Friday, May 23, 2014

Rare Bird - Kirtland's Warber

If you thought that the Nerds went to Ohio and stopped there, you are mistaken. We left Magee Marsh on Sunday and headed out to Michigan (another 4 hours in the car) to see a very rare bird - the Kirtland's Warbler. There are only about 2,000 of these birds in the world. The bird is rare due to it's limited geography for nesting and wintering sites. The warbler winters exclusively in the Bahamas and nests ONLY in certain pine forests in Michigan. Although it would probably be really cool to see one in Bahamas in January, Michigan is cheaper so we went to Michigan.

Nerds in Michigan
The best way to see the bird is to join an Audubon tour which takes you out to the nesting grounds. The tour starts at the Hartwick State Forest visitor center where we watched a short film about Kirtland's Warblers. It was eye opening. The film showed forest destruction by timber companies and fires devastating the landscape. All of which turned out to be GOOD for the warblers! Why? Because they only nest in areas where pine trees are between 5 and 20 feet tall. Once the trees get taller, the warblers won't breed there. They also rely on big territories of this habitat, which logging and fires provide. Here is a view of the nesting area. Not what you would expect for a warbler.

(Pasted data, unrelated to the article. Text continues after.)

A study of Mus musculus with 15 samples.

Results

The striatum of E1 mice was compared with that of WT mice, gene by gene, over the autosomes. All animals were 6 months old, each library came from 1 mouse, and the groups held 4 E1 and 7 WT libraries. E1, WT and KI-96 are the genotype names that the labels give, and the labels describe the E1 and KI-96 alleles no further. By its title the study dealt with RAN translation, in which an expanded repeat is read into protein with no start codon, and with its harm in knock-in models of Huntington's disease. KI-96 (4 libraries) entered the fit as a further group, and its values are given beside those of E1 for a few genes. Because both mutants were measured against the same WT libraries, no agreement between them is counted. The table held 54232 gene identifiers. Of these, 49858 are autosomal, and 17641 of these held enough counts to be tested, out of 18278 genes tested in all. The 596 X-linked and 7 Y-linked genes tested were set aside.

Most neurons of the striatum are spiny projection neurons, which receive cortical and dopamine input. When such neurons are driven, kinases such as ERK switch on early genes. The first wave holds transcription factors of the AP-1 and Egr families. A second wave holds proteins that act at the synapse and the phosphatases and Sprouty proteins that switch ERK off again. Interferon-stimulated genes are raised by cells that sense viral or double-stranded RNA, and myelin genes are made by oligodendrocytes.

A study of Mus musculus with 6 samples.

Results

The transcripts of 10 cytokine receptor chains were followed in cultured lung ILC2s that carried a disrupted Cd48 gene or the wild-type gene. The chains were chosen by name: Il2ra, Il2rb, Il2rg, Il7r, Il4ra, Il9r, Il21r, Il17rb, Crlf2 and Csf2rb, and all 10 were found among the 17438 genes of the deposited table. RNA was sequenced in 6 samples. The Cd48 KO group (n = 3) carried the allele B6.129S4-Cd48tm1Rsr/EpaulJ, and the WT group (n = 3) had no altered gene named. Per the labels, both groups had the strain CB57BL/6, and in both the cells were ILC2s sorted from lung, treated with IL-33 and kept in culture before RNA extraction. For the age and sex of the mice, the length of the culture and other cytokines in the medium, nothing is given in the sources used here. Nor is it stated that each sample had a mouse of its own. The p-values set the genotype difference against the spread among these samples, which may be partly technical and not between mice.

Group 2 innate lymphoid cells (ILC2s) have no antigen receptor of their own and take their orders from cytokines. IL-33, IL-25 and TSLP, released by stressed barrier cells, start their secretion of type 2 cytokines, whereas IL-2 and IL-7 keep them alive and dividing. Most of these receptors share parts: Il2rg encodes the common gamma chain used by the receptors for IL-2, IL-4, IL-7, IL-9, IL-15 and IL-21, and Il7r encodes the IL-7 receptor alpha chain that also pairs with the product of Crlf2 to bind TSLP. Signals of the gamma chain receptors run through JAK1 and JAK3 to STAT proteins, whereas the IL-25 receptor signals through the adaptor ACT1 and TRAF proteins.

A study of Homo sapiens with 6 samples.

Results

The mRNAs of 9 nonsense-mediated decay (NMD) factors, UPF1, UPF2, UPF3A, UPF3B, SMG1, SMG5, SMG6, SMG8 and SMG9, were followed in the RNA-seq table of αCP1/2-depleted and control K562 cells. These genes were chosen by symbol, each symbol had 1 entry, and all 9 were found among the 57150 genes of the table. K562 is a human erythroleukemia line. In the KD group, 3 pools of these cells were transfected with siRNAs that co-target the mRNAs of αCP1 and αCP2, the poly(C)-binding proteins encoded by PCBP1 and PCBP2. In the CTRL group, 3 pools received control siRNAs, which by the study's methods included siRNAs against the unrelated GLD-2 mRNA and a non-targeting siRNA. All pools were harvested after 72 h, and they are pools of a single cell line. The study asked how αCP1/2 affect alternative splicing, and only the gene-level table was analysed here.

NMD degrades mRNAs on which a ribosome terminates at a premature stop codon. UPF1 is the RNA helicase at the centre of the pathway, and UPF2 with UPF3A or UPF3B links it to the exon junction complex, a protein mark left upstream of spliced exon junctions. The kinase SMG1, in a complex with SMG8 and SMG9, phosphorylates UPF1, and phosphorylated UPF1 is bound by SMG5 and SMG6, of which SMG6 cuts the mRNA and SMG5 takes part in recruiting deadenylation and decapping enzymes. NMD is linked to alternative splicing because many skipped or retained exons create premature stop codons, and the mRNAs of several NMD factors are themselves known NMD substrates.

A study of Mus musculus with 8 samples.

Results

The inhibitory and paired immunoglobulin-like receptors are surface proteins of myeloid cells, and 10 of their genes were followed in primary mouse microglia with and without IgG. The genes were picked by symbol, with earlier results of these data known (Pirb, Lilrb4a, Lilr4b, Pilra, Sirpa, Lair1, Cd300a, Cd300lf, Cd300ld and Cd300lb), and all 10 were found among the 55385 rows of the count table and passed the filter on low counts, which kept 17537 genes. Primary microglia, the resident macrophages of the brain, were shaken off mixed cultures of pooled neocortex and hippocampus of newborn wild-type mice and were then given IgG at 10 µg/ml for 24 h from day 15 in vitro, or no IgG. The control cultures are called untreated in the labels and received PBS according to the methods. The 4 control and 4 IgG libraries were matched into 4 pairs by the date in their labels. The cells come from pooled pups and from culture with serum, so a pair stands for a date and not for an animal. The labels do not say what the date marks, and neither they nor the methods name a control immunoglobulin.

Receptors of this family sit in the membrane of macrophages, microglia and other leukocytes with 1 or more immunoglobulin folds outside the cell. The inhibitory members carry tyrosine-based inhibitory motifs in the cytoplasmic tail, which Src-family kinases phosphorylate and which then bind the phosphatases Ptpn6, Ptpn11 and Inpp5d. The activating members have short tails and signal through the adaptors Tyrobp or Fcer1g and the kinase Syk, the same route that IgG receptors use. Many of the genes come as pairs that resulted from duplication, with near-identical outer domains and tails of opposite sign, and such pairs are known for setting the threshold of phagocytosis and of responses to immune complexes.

Jack Pine regrowth area
We went out to the field with the Audubon Naturalist and immediately heard a few Kirtland's singing. It was difficult to spot them but this guy popped into a bare tree for a bit. Can you see him? He is sitting on the left side.

Kirtland's Warbler

Here is a cropped shot. The photo is lousy, but you can see the bird singing. I would have liked a closer look but at least we saw one of the 2,000 remaining birds.
Kirtland's Warbler
The good news here is that the forest service is actively managing habitat for the warblers and the logging companies are making money too. A win-win situation. A few Kirtland's Warblers have even found nesting sites in Wisconsin and Ontario which is the first time ever recorded outside of Michigan. Both of those locations also have managed logging programs in place. Hopefully, this little warbler will continue to thrive.